Modelling with spreadsheets
Computer models of mathematical data [data: information without context, eg a list of students with numbers beside their names is data, when it's made clear that those numbers represent their placing in a 100 metre race, the data becomes information ], such as budgets, are usually done using a spreadsheet application that processes and performs calculations on the data entered by the user. For example, a computer model of a school's budget might show that the school will run out of money before the end of the term if it hires an extra teacher.
A spreadsheet appears as a grid, each row has its own number and each column its own letter. This labelling of rows and columns is used to give each cell a cell address or reference, for example, C5 means column C, row 5.
It is also possible to refer to a range of cells collectively, ie E4:E12 includes E4, E12 and all of the cells in-between.
Cells can contain numbers, text or formulaeformula: A formula is a combination of symbols that indicates the chemical composition of a substance..
A grocer uses a mobile shop to sell groceries to customers who live out of town. He uses a spreadsheet to keep a record of his daily sales:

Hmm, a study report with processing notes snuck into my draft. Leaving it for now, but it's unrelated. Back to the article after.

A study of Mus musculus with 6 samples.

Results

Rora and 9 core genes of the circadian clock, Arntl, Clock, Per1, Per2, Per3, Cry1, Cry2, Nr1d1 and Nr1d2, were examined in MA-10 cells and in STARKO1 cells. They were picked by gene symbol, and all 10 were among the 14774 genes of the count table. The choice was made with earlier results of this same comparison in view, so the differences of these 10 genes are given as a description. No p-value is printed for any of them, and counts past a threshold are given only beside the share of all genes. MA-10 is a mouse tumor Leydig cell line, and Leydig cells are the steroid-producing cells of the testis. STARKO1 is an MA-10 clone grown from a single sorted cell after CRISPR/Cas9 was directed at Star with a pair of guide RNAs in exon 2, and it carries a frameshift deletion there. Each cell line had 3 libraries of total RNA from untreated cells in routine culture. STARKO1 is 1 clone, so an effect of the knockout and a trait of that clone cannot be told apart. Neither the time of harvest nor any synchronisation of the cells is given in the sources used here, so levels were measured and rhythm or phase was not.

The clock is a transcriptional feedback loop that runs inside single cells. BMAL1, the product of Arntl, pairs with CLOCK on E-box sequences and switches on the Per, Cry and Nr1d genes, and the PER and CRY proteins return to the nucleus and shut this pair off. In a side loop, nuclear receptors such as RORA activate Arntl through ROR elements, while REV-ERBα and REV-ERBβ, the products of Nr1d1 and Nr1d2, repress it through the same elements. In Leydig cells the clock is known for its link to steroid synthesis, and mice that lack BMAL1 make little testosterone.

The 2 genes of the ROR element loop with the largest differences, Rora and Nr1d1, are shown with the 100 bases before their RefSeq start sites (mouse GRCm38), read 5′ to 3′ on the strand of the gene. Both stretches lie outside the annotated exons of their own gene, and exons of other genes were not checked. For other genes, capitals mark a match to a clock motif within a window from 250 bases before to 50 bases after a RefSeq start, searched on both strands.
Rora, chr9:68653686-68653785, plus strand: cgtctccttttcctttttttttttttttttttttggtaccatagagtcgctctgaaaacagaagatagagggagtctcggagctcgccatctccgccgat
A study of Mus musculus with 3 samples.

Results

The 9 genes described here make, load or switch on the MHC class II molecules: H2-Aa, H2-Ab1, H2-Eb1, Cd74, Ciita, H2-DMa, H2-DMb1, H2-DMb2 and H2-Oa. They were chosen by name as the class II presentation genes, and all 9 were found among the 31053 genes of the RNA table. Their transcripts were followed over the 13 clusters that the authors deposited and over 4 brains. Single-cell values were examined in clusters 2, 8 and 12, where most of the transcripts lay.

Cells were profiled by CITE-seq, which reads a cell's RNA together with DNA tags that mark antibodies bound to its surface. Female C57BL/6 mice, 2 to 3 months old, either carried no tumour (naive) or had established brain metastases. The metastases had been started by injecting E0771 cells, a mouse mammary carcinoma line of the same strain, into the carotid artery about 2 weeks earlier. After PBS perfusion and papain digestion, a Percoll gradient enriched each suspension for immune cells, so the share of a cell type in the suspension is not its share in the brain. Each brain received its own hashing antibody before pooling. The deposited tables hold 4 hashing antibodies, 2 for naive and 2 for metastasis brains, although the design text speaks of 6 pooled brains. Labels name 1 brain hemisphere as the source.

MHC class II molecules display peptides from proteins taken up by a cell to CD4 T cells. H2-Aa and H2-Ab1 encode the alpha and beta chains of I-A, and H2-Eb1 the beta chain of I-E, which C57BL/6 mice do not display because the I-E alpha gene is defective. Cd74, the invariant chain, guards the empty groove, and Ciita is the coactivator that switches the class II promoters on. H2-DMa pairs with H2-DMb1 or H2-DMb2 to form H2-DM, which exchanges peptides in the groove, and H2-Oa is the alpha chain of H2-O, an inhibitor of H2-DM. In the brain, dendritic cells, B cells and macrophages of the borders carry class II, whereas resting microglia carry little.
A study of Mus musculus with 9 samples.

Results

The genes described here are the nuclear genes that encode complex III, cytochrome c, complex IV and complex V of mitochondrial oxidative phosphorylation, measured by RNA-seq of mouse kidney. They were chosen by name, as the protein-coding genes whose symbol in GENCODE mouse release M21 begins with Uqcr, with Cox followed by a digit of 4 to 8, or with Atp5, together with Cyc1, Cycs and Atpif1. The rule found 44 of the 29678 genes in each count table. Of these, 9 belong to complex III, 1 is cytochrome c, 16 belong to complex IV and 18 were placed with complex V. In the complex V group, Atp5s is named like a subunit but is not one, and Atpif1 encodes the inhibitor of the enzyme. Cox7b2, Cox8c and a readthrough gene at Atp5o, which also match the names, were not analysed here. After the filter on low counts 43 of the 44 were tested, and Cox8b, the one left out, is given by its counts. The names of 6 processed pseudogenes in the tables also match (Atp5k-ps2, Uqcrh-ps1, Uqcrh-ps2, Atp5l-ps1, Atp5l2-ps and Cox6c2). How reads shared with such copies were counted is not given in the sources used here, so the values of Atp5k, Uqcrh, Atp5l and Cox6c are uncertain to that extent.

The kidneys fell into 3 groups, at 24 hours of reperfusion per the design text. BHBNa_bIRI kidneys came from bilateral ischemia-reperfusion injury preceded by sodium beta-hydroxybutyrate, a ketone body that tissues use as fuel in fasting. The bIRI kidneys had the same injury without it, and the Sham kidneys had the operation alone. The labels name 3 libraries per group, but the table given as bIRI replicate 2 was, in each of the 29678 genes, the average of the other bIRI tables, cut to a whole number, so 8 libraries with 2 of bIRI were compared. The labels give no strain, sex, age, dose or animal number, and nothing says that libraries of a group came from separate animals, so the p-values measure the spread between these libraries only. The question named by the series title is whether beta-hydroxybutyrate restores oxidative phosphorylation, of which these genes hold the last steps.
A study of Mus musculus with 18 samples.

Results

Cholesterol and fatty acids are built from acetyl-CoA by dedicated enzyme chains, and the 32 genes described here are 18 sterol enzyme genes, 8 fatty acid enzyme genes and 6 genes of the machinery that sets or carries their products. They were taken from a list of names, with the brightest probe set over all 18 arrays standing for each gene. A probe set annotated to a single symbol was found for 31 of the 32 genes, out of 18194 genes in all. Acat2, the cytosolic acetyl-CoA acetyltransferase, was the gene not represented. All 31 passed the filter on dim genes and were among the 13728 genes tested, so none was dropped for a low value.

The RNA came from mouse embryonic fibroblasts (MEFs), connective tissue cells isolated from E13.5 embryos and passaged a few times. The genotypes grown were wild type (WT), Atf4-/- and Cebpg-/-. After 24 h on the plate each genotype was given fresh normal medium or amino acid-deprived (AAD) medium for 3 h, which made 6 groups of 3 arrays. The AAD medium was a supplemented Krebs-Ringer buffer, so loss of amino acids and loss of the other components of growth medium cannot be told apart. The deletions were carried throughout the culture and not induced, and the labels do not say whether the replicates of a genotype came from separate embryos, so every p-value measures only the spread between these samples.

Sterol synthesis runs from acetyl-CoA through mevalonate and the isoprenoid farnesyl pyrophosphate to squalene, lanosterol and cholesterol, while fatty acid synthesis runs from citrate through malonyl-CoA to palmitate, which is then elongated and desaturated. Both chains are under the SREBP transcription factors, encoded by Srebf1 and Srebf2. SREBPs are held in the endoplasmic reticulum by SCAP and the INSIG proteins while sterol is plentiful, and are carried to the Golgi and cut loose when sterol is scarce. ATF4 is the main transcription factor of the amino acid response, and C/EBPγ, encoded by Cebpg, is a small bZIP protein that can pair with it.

There are a number of formulae in the above spreadsheet but they're hidden, only the results are displayed.
The formula in cells E4 to E10 works out the total value of sales for each item. It does this by multiplying the number sold by the individual price. For example, seven kilograms of apples were sold at 70p per kilogram, the sales total is calculated as £4.90 and is displayed in the cell E4. The formula in E4 is =C4*D4, ie 7 × £0.70.
Cell E12 contains a formula that calculates the total value of the sales column. The formulae used is =SUM(E4:E10). This formula includes cells E4, E10 and all of the cells in-between. You could write it =E4+E5+E6+E7+E8+E9+E10 which will give the same result but is overly complex and leaves more room for mistakes. Note, the =SUM function should only be used when adding a range of cells.